Landmark Federal Decision Finds That "Evidence Is Not Just 'A Thick Cloud of Smoke,' It Is a Smoking Gun"

By Sunny Bjerk

December 4, 2012

Housing Works protesters

New York, NY -- In a landmark decision issued last night, U.S. District Court Judge Samuel Conti ruled in Short v. Manhattan Apartments, Inc. that two New York City Realtors, Manhattan Apartments, Inc. (MA) and Abba Realty Associates, Inc. (Abba), discriminated against Keith Short and other individuals living with AIDS on the basis of their lawful source of income, a housing subsidy from New York City's HIV/AIDS Services Administration (HASA). Assessing the evidence presented by the plaintiffs during a week-long trial in October, Judge Conti observed that the evidence of defendants' discrimination "is not just 'a thick cloud of smoke,' it is a smoking gun." "The evidence clearly shows that MA, at the behest of landlords, refused to assist Mr. Short because he was on HASA," Judge Conti announced. The judge also ruled that "direct evidence" established that Abba similarly "refused to show HASA clients certain apartments because those apartments were not available to persons with HASA or other government rental subsidies." Both MA and Abba "weeded out the HASA clients before they could submit an application." Moreover, as Judge Conti observed, discrimination in this context is particularly deleterious: "Housing is especially important for persons with symptomatic AIDS because their compromised immune systems, leaving them susceptible to a variety of other illnesses ... for people with AIDS, 'housing is healthcare.'"

As Judge Conti noted, "MA is one of the largest brokers in New York City, with approximately 1,000 rental listings at any given time," and with "about 150 licensed realty agents." In fact, MA is New York's second largest broker for rentals, while Abba operates offices in both Brooklyn and the Bronx. The Fair Housing Justice Center (FHJC), utilizing a crew of trained "testers," conducted a comprehensive, four-month investigation that corroborated Mr. Short's account of the discrimination he suffered.

In 2008, the City Council passed Local Law 10, prohibiting landlords and their agents from discriminating based on lawful source of income, such as HASA rent subsidies and Section 8 vouchers. This is the first decision ever rendered under the law on behalf of a HASA client. "This decision reveals that notwithstanding the law, companies continue blatantly to discriminate against indigent, disabled individuals who rely on government subsidies to pay their rents," said Armen H. Merjian, senior staff attorney at Housing Works, co-counsel in the case along with Emery, Celli, Brinckerhoff & Abady LLP (ECBA) attorney Diane Houk. "It's hard enough for such individuals to find affordable housing in New York City without facing this crushing and widespread discrimination."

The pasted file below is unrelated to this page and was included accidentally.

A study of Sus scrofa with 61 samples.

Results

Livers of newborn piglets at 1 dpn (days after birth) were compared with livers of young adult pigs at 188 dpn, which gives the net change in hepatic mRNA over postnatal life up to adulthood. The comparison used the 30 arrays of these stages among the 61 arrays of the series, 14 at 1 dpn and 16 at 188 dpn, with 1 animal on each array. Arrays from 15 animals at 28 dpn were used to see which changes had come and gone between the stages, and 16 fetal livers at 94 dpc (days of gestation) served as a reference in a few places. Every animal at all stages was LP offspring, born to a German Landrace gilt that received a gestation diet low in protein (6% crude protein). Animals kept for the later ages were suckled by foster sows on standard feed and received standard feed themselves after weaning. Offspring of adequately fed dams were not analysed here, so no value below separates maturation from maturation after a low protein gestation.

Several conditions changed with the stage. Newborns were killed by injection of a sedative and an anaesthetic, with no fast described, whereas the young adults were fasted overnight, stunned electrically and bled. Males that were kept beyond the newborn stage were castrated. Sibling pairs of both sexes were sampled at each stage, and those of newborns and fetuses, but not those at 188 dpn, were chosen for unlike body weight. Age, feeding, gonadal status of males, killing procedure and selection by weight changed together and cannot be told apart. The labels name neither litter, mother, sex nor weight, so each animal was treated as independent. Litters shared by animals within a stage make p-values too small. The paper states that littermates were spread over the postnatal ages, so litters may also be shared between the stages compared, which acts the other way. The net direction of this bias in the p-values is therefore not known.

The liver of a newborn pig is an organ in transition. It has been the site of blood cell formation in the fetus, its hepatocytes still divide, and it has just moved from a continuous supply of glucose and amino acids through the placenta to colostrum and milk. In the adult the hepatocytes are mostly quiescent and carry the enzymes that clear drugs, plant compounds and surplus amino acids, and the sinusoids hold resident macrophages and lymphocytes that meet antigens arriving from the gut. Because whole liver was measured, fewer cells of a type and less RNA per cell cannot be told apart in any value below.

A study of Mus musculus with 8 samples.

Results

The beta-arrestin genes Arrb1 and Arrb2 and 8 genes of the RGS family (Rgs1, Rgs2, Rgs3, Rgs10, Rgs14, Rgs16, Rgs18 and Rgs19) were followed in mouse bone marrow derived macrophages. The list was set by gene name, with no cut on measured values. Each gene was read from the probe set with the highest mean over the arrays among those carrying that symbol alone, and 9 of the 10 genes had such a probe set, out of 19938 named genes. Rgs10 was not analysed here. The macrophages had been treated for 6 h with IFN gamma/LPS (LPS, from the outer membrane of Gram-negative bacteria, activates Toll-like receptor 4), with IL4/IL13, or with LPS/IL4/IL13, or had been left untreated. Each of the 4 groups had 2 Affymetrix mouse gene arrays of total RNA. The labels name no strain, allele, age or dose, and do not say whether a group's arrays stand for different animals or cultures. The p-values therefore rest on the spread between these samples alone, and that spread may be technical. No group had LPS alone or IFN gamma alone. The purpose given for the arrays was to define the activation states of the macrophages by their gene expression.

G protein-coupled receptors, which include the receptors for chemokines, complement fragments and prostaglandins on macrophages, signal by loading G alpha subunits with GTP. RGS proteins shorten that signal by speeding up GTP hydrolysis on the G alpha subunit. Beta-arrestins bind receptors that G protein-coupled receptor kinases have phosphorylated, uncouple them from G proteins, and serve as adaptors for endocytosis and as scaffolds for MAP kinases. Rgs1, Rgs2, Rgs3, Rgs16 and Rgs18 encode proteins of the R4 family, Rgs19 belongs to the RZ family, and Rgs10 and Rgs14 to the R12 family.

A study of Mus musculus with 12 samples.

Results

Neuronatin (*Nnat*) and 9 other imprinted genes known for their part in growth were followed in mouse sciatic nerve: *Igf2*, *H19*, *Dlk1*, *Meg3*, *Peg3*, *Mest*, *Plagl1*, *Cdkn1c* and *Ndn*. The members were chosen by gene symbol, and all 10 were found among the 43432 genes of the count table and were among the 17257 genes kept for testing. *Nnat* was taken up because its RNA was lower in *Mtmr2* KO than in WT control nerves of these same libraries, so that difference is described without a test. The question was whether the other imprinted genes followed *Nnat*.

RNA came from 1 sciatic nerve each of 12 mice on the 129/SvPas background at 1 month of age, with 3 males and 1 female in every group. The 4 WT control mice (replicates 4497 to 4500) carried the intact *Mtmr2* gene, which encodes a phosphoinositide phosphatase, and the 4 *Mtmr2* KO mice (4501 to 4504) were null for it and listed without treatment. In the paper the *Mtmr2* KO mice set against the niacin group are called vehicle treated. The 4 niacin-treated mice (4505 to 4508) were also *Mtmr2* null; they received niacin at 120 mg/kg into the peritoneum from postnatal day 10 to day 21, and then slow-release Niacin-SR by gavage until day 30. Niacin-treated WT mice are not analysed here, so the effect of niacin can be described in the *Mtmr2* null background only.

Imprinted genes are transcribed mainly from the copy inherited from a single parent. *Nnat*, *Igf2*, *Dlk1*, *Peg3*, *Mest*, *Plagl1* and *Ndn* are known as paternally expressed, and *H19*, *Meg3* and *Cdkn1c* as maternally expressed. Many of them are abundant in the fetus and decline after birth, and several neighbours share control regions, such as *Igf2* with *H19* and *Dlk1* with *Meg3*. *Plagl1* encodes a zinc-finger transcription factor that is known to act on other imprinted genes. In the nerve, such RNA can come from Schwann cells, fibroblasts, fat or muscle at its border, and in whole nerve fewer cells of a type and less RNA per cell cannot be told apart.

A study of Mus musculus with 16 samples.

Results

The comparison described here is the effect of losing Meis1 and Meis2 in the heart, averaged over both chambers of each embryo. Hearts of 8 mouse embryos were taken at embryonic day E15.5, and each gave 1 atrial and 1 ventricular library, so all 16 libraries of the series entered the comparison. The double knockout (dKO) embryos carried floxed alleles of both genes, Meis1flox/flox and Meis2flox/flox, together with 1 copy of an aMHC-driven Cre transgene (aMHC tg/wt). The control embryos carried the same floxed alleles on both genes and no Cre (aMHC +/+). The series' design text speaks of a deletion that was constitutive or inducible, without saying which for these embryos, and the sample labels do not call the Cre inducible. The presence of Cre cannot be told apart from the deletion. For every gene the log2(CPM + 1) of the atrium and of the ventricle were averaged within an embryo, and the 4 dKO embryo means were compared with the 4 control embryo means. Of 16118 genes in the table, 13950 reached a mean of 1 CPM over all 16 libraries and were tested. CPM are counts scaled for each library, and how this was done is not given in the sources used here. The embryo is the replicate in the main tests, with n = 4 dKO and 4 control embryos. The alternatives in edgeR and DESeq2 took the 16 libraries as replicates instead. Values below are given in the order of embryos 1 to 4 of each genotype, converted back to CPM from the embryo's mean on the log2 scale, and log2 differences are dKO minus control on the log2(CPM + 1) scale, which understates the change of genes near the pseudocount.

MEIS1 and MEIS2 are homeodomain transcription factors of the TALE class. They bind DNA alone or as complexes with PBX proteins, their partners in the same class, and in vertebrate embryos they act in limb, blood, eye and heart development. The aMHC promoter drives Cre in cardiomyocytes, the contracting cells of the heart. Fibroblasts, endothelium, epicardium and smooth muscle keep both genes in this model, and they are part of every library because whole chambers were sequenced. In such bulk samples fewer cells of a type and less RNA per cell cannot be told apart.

Fred Freiberg, executive director of the FHJC, said, "The unmistakable message in this decision for housing providers is that source of income discrimination will not be tolerated. HASA rental subsidies provide a vital safety net for New Yorkers who are living with AIDS and who are homeless or at risk of homelessness. The FHJC will continue to dismantle barriers to housing choice so that vulnerable populations with rental subsidies, including people with disabilities, need not endure the insult, expense, and indignity of discrimination."

Diane Houk, an attorney for the plaintiffs at ECBA, stated: "We are gratified that the judge recognized the tragedy of discriminating against persons living with AIDS. Discrimination in housing should never be tolerated."

Judge Conti awarded both Mr. Short and FHJC compensatory damages and issued an injunction prohibiting the defendants from discriminating on the basis of a lawful source of income and requiring the defendants, among other things, to undergo fair housing training and to adopt and post non-discrimination policies.